The Cardiac Unit is a non-invasive Cardiac Laboratory that provides care and diagnostic tests/procedures to patients with a history of or suspected Cardiovascular Disease, (i.e. chest pain, history of collapse, palpitations, suspected Coronary Artery Disease or an irregular heart rhythm) non- invasive diagnostic tests and procedures that will effectively aid and complement our consultant Physician in their critical mission to devise adequate and sufficient management and treatment under their care.
Angeles Medical Center, Inc. Cardiac Unit include a team of Echo cardiographers who are well-trained and have expertise in and 2D-echocardiography technologists who are also trained, customer-oriented and efficient. All staff members received training in Basic Life Support and Advanced Cardiac Life Support. We intend to consistently deliver reliable, timely and accurate diagnostic results in the service and support of our clients, physicians and patients. Our unit’s vision is to become the preferred and most respected diagnostic center in the Central Luzon region and in other community that will serve.
Diagnostic tests provided/offered:
Two-Dimensional Echocardiogram (2D-ECHO)
Often referred to as a cardiac echo or simply an echo. A sonogram of the heart. High frequency sound waves are used to create a Two-dimensional and Doppler ultrasound to create images of the heart. The test is performed with a device, called transducer, placed on the chest.
It is capable of displaying a cross sectional “slice” of the beating heart, including chambers, valves and major blood vessels that exit from the left and right part of the heart.
Is a safe and painless diagnostic procedure that uses high frequency sound waves to take moving pictures of the heart. The sound waves are directed at the heart from a small, hand held transducer which sends and receives signals that appear on the screen as a moving image of the heart.
Safe, non-invasive procedure, used to measure the heart’s electrical conduction system. It records the changes in magnitude and direction of the electrical activity of the heart. The electrodes placed in standard positions on the body todetect the electric current generated by depolarization and repolarization of the atria and ventricles. The voltages generated are amplified and recorded on ECG paper as waves and complexes.
Treadmill Stress Test
An exercise test, gathers information about how the heart works during physical activity. It involves walking or running on a treadmill while the heart rhythm, blood pressure and breathing are monitored. It is used to guide treatment for patient diagnosed with a heart condition and recommended for patient with symptoms of Coronary Artery Disease.
Holter Monitor (24hr)
A Holter monitor is a machine that continuously records the heart’s rhythm. The monitor is worn for 24 hours during normal activity.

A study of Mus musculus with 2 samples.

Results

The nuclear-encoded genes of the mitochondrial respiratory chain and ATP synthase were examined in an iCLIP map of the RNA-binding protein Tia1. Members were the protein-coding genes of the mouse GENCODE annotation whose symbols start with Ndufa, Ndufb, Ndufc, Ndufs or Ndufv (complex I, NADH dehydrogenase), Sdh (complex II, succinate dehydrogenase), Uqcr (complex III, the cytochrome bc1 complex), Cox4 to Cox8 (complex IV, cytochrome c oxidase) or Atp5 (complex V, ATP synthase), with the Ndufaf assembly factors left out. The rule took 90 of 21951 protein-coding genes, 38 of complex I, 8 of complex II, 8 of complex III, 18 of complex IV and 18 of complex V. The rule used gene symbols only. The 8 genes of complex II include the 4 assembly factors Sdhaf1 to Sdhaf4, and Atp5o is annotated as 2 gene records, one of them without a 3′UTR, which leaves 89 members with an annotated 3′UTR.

How the Test is performed
Electrodes (small conducting patches) are stuck onto your chest. These are attached by wires to a small recording monitor. You carry the Holter monitor in a pocket or pouch worn around your neck or waist. The monitor runs on batteries.
While you wear the monitor, it records your heart’s electrical activity. Keep a diary of what activities you do while wearing the monitor, and how you feel. After 24 hours, you will return the monitor to Heart Station’s reception desk. The doctor will look at the records and see if there have been any abnormal heart rhythms.
Holter Heart Monitor
It is very important that you accurately record your symptoms and activities so the doctor can match them with your Holter monitor findings. Electrodes must be firmly attached to the chest so the machine gets an accurate recording of the heart’s activity. While wearing the device, avoid: Electric blankets, High-voltage areas, Magnets, and metal detectors.
Continue your normal activities while wearing the monitor. You may be asked to exercise while being monitored if your symptoms have occurred in the past while you were exercising.
How to prepare for the Test
You do not need to prepare for the test. Your doctor will start the monitor. You’ll be told how to replace the electrodes if they fall off or get loose. Tell your doctor if you are allergic to any tape or other adhesives. Make sure you shower or bathe before you start the test. Yow will not be able to do so while you are wearing a Holter monitor.
How the test will Feel
This is a painless test. However, some people may need to have their chest shaved so the electrodes can stick. You must keep the monitor close to your body. This may make it hard for you to sleep.
Why the Test is Performed
Holter monitoring is used to determine how the heart responds to normal activity. The monitor may also be used after a heart attack, to diagnose heart rhythm problems, and when starting a new heart medicine.
It may be used to diagnose atrial fibrillation or flutter, multifocal atrial tachycardia, reasons for fainting, slow heart rate (bradycardia), and ventricular tachycardia.
Normal variations in heart rate occur with activities. A normal result is no significant changes in heart rhythms or pattern.
What Abnormal Results Mean
Abnormal results may include various arrhythmias. Changes may mean that the heart is not getting enough oxygen. The monitor may also detect conduction block, a condition in which the atrial electrical activity is either delayed or does not continue into the ventricles of the heart.
There are no risks associated with the test. However, you should be sure not to let the monitor get wet.
(045) 888 7150/ (045) 322 4632/ (045) 9414 local 596
AMCI- West Wing Building, Ground Floor; Monday to Saturday 8:00am – 5:00pm
NOTE: Electrocardiogram (ECG/EKG) procedure is available at the Emergency Department when the Cadiac Unit is closed.